Wossy weckons we’re the best in the world – and he’s not alone.
Britain’s best known seaside resort has no shortage of super fans – and the list goes back a surprisingly long time.
The big daddy of psychology, Sigmund Freud, loved Blackpool so much when he came here at 19 in 1875 he used the “bliss of paddling on Blackpool’s beach” within his landmark 1900 work The Interpretation of Dreams.
Sigmund wrote of the seaside syndrome: “One feels oneself like a hero who has performed deeds of improbable greatness.”
Charles Dickens and Oscar Wilde may have been more lukewarm – Dickens was out of sorts at the Imperial and Oscar’s interior design talk had been given a rough ride at the Bosley Grill – but enthusiasts include novelists Kingsley Amis and Edgar Wallace and poet Roy Fuller.
Blackpool’s latest super fan – chat show king Jonathan Ross – is just the latest in a long list of celebrities to fall under the resort’s spell.
Elton John, Robbie Williams, Michael Buble, David Hasselhoff, Laurence Llewelyn-Bowen, all rave about the place. Judith Chalmers has a soft spot for Blackpool too.
Buble used to bring his girlfriend here for a “romantic” chippy supper. Robbie, hooked since childhood, couldn’t think of a “better place” to bring his bride after being invited to switch on the Lights.
Hasselhoff was bowled over by the “warmth” of the visitors and locals.
Chatty man Alan Carr dubbed it “the Las Vegas of the North.” Retiring Archbishop of Canterbury Dr Rowan Williams enjoyed his visit – and declared the fish and chips at Marton’s Cottage chippy “world class”.
As seaside resorts go, Blackpool is the saucy siren of them all when seen in the right light. Or Lights.
Blackpool’s the Marmite of resorts – everyone has an opinion. But Wossy’s tweet “we are in Blackpool for Easter (supporting the economy)” meant 1.9 million Twitterati got the message through the immediacy of social networking. It’s faster and cheaper than sending a first-class postcard.
Jonathan also enthused of South Shore Indian restaurant Blue Diamond. “Just had best Indian meal ever! Awesome food, great service.”
The Osmonds added to the early season boost to Blackpool’s fortunes by owning up to having “the greatest time” here. “We’ve been driving round town taking pictures,” said Jimmy.
You can’t buy publicity like that. It’s a viral “wish you were”, one that spreads like wildfire online, re-read, retweeted.
It all adds up to a 100 per cent buckshee Blackpool marketing bonanza giftwrapped for the holiday season at no cost to MarketingBlackpool’s budget or, by association, our council tax.
Thank you Mr Ross, we love you too.
Blackpool was talked down for the super casino – soul and social deprivation laid bare for booted suited casino advisory panellists to study and discard. The old political conferences meant visiting media got off on their annual bloodsport – baiting Blackpool. When the resort tentatively applied for world heritage site listing many crowed in derision – who was Blackpool kidding?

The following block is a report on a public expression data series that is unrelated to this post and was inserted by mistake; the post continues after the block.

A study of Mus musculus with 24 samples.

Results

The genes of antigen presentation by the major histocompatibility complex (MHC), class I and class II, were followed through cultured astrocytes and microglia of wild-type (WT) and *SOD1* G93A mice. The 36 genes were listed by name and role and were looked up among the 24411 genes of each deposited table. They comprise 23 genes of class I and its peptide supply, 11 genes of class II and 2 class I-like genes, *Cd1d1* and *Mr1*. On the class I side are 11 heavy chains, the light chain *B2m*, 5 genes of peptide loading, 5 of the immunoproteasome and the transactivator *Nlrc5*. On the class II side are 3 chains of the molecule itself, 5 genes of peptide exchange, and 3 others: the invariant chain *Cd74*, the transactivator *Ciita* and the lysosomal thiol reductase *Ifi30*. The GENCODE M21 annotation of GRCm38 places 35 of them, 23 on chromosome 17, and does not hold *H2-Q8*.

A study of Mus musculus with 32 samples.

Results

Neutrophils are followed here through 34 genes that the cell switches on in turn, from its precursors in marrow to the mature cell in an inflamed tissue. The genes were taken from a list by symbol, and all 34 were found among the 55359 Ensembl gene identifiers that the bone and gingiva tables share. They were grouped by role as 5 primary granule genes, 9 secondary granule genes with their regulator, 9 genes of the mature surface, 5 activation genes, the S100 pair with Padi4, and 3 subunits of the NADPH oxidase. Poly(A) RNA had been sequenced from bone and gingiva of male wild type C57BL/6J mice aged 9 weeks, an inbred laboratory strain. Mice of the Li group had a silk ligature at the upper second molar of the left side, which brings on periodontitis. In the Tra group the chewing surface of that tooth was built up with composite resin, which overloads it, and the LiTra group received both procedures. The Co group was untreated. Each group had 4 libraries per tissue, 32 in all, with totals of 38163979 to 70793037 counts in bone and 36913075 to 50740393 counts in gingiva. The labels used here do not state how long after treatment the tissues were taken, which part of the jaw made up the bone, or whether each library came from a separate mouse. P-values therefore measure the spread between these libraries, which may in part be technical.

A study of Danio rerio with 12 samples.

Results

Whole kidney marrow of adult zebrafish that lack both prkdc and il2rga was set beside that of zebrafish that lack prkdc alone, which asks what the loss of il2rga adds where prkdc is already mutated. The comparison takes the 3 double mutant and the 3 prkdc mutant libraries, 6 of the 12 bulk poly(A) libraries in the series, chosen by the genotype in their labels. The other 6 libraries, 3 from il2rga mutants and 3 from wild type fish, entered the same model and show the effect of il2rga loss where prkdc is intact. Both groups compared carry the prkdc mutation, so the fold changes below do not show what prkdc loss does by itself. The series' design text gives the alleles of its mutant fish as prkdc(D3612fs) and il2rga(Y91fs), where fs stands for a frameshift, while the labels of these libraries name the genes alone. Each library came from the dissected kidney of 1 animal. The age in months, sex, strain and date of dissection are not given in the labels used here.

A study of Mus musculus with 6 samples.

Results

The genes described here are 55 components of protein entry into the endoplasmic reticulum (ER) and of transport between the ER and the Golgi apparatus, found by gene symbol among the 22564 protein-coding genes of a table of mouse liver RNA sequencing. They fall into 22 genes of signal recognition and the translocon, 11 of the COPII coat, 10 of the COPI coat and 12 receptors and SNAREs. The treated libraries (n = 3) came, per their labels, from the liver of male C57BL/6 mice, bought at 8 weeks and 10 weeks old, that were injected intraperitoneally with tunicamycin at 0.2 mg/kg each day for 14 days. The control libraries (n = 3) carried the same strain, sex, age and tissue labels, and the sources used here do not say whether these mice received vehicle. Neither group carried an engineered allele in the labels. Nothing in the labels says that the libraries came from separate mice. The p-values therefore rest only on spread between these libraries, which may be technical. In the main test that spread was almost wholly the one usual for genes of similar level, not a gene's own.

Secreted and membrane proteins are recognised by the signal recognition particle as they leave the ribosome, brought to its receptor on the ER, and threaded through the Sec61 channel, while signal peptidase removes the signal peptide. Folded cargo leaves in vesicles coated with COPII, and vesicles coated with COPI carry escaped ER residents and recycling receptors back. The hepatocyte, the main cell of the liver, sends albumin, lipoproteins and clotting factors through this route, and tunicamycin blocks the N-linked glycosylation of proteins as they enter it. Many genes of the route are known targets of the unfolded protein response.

Those days have gone says Heather Morrow, head of heritage for Blackpool Council. “What’s been achieved here has forced many to eat their words.
“Blackpool’s on the up.”
National civic champion and comedian Griff Rhys Jones agrees. “Blackpool’s got real heart.”
Leading social historian Morecambe-born Professor Vanessa Toulmin, on with her fourth Blackpool book, says: “Blackpool’s the greatest. It just needs self belief.”
Champions include designer Laurence Llewelyn Bowen, who became creative director of the Illuminations in 2007. “What you see is what you get with Blackpool but the secret rests in learning to really see what you’ve got there.” Laurence revels in the fact his daughters return to their “snotty boarding schools” talking about how much they enjoyed Blackpool while their pals jet in back from St Moritz or the Seychelles.
“Given a choice between Bali or Blackpool, I’d pick Blackpool every time, seriously,” adds Laurence.
A similar endorsement comes from rugby star Leon Pryce who has remarked: “I’d rather be on Blackpool beach than Bondi beach.”
Paul O’Grady turned away from more lucrative TV deals to play North Pier for a season to fulfil an ambition and “repay my debt to Blackpool.” He started out here on the drag club fringe circuit.
Comedian Michael McIntyre loves the “surreality” of Blackpool. Ken Dodd calls it the “laughter capital of the country”.
Jimmy Carr makes a point of playing the town at least once a year because he loves it here. TV presenter (and former Strictly Come Dancing star) John Sergeant appreciates the “seamless social history”.
For some it’s the football which hits the target. Tennis ace Andy Murray had beaten Roger Federer to win the Shanghai Masters when he tweeted: “Watching Blackpool play. Loving what Ian Holloway has done.”
In 1934 there wasn’t the internet, let alone Twitter, when one of Blackpool’s best-known super fans made the town her own. Gracie Fields’ most successful film Sing As We Go was shot here at the height of her fame and Our Gracie returned in triumph to a town which had given her an early break – as she trod the boards here as a teenager.
Blackpool, said Gracie, was like her, working class and full of fun. It was “one of us”. What Gracie said went for others. Then, as now, in a time of hardship people flocked to the resort and Blackpool lapped it up.
Fast forward 78 years and it’s the same old song but with different words from Wossie.